Copy Editing Notes

Notes from LAKANA Copy Desk

June 2017

Ain’t no reason for hurricane season …

Hurricane season began June 1, and with NOAA predicting 11 to 17 named storms, with two to four becoming major hurricanes, there should be plenty to write about over the summer and fall.

Hurricanes, cyclones and typhoons:  These are three terms for the same storm, applied based on where the storm originates.  Hurricanes are spawned east of the international date line – the Atlantic, Gulf of Mexico and the Pacific coasts of the Americas. Typhoons develop west of the line – near Asia. They are known as cyclones in the Indian Ocean and Australia.

Storm names:  NOAA releases a list of storm names every year ( .  Occasionally, names will repeat; and sometimes when a storm is particularly brutal, such as Katrina, a name will be retired. While these names may be masculine or feminine, do NOT use gender pronouns with a hurricane. It’s always an it, no matter what its name is.  Capitalize “hurricane” when it comes before the name of the storm. “Florida was leveled by Hurricane Homer.”

 Storm strength: Tropical depressions are the beginning stage of hurricanes, with loose organization and wind speeds of 38 mph or less.  Tropical storms are better organized and have wind speeds between 39 and 73 mph.  Beyond that, hurricanes are measured with the Saffir-Simpson scale, with increasing numbers from 1 to 5 based on strength. Category 1 is 74-95 mph winds, category 2 is 96-110 mph, category 3 is 111-129 mph, category 4 is 130-156 mph and category 5 is anything 157 mph and above.  Anything category 3 and above is considered a “major” hurricane.

Storm tracks: One of my very favorite weather terms used on-air is the “spaghetti plot.” This is the multicolored set of squiggles that represents all the different projections of where a given storm might go.  These can vary wildly, but will usually start to merge as the storm nears landfall, but not always.  As an example: Until the hour Hurricane Katrina made landfall, one course projection had the storm striking Galveston, Texas.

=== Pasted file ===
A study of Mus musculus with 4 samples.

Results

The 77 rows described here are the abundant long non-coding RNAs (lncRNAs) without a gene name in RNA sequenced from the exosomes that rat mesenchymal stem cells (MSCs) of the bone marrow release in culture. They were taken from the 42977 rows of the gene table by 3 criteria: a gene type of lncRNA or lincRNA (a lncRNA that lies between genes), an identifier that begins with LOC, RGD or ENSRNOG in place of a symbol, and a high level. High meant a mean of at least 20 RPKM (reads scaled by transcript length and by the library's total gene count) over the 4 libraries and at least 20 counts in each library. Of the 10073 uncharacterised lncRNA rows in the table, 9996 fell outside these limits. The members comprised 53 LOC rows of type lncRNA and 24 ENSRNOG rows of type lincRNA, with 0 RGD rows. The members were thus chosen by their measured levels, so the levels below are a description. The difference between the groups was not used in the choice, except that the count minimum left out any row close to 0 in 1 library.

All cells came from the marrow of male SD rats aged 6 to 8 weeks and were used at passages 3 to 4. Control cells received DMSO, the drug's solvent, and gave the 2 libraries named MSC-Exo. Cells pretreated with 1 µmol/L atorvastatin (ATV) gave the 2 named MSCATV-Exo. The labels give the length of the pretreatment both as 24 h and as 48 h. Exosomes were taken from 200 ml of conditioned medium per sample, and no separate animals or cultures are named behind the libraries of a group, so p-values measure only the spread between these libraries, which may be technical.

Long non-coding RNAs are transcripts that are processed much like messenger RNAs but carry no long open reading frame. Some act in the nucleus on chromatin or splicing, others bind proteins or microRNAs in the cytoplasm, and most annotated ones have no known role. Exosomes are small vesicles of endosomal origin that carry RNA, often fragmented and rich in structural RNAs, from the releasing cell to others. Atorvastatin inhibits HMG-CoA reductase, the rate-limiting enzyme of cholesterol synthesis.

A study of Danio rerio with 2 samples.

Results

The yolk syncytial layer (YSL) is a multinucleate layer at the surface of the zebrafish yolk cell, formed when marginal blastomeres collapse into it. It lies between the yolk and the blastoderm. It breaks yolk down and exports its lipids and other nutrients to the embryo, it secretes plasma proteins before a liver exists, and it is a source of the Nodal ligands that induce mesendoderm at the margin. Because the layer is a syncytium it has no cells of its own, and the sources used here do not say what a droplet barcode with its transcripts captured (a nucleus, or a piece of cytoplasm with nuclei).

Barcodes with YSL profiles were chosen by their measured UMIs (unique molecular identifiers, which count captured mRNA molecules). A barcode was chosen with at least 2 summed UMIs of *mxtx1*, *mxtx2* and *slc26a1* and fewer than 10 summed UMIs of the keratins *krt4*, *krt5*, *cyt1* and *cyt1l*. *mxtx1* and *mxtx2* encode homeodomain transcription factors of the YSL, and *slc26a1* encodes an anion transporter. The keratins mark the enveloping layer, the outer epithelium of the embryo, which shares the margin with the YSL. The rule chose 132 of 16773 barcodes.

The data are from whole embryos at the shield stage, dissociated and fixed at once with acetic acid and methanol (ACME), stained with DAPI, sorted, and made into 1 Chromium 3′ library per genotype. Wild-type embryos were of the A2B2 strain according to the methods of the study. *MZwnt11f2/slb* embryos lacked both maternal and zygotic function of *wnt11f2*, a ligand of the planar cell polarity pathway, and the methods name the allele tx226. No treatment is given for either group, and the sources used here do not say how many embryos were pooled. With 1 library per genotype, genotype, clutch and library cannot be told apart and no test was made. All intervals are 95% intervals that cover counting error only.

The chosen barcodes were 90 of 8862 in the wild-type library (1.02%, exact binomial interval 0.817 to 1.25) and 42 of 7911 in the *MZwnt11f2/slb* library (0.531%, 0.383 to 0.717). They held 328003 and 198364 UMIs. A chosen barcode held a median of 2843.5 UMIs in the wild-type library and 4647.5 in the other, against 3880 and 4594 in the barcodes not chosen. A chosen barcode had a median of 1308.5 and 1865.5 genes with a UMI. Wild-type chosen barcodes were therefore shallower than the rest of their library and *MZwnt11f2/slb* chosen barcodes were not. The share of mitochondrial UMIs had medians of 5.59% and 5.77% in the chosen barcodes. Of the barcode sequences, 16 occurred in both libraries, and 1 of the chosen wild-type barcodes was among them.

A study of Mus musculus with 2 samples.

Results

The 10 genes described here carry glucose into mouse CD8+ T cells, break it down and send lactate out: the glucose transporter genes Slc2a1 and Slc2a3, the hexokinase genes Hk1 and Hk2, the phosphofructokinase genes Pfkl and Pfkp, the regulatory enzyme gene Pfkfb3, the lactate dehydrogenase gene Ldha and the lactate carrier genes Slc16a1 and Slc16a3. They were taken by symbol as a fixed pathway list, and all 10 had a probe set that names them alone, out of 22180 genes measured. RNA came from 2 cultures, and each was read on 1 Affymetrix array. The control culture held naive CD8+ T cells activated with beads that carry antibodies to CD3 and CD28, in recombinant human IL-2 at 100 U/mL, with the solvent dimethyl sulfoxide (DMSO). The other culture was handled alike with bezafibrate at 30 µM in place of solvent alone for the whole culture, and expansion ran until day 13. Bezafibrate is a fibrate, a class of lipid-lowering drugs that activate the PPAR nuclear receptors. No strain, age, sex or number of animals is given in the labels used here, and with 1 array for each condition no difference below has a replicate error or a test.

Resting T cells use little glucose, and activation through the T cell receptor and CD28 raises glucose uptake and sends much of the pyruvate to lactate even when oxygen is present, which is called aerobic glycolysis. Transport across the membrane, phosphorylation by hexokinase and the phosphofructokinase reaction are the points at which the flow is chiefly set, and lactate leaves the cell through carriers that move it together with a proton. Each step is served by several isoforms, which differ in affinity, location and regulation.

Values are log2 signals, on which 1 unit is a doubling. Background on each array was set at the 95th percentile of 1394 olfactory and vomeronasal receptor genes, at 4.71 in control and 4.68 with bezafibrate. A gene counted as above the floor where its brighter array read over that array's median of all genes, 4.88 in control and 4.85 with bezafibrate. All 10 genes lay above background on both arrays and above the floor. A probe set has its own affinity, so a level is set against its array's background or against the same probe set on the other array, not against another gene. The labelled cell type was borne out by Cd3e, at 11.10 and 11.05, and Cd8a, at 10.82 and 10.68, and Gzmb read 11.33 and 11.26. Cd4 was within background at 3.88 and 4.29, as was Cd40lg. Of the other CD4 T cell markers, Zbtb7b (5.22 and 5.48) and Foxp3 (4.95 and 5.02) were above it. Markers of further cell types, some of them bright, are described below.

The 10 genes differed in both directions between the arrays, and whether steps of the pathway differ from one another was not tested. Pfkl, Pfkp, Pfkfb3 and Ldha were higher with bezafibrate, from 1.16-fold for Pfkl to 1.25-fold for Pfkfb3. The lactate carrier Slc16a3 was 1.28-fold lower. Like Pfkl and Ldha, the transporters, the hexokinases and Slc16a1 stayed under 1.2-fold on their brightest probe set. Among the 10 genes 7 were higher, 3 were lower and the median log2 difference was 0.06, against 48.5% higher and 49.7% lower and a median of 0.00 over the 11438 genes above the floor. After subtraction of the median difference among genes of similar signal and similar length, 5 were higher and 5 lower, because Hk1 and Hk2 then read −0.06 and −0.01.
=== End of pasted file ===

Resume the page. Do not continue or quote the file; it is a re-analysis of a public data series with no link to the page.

Storm hazards: Hurricanes pack a blistering package of threats that can leave your viewing area in shambles.  Of course there’s the usual wind and rain, this time on completely ridiculous scales. (Example: In 2001, Tropical Storm Allison dumped 40 inches of rain on Houston, causing historic levels of damage.)  Add in the occasional tornado just for fun, usually in the outer fringes where the organization is weaker.  Then, and often bringing the most coastal damage, is the storm surge, which is basically a high tide on steroids, with a wall of storm-pushed water moving inland and covering everything in its path.

We will probably talk more about weather as the summer goes along, but for now, don’t forget your umbrella!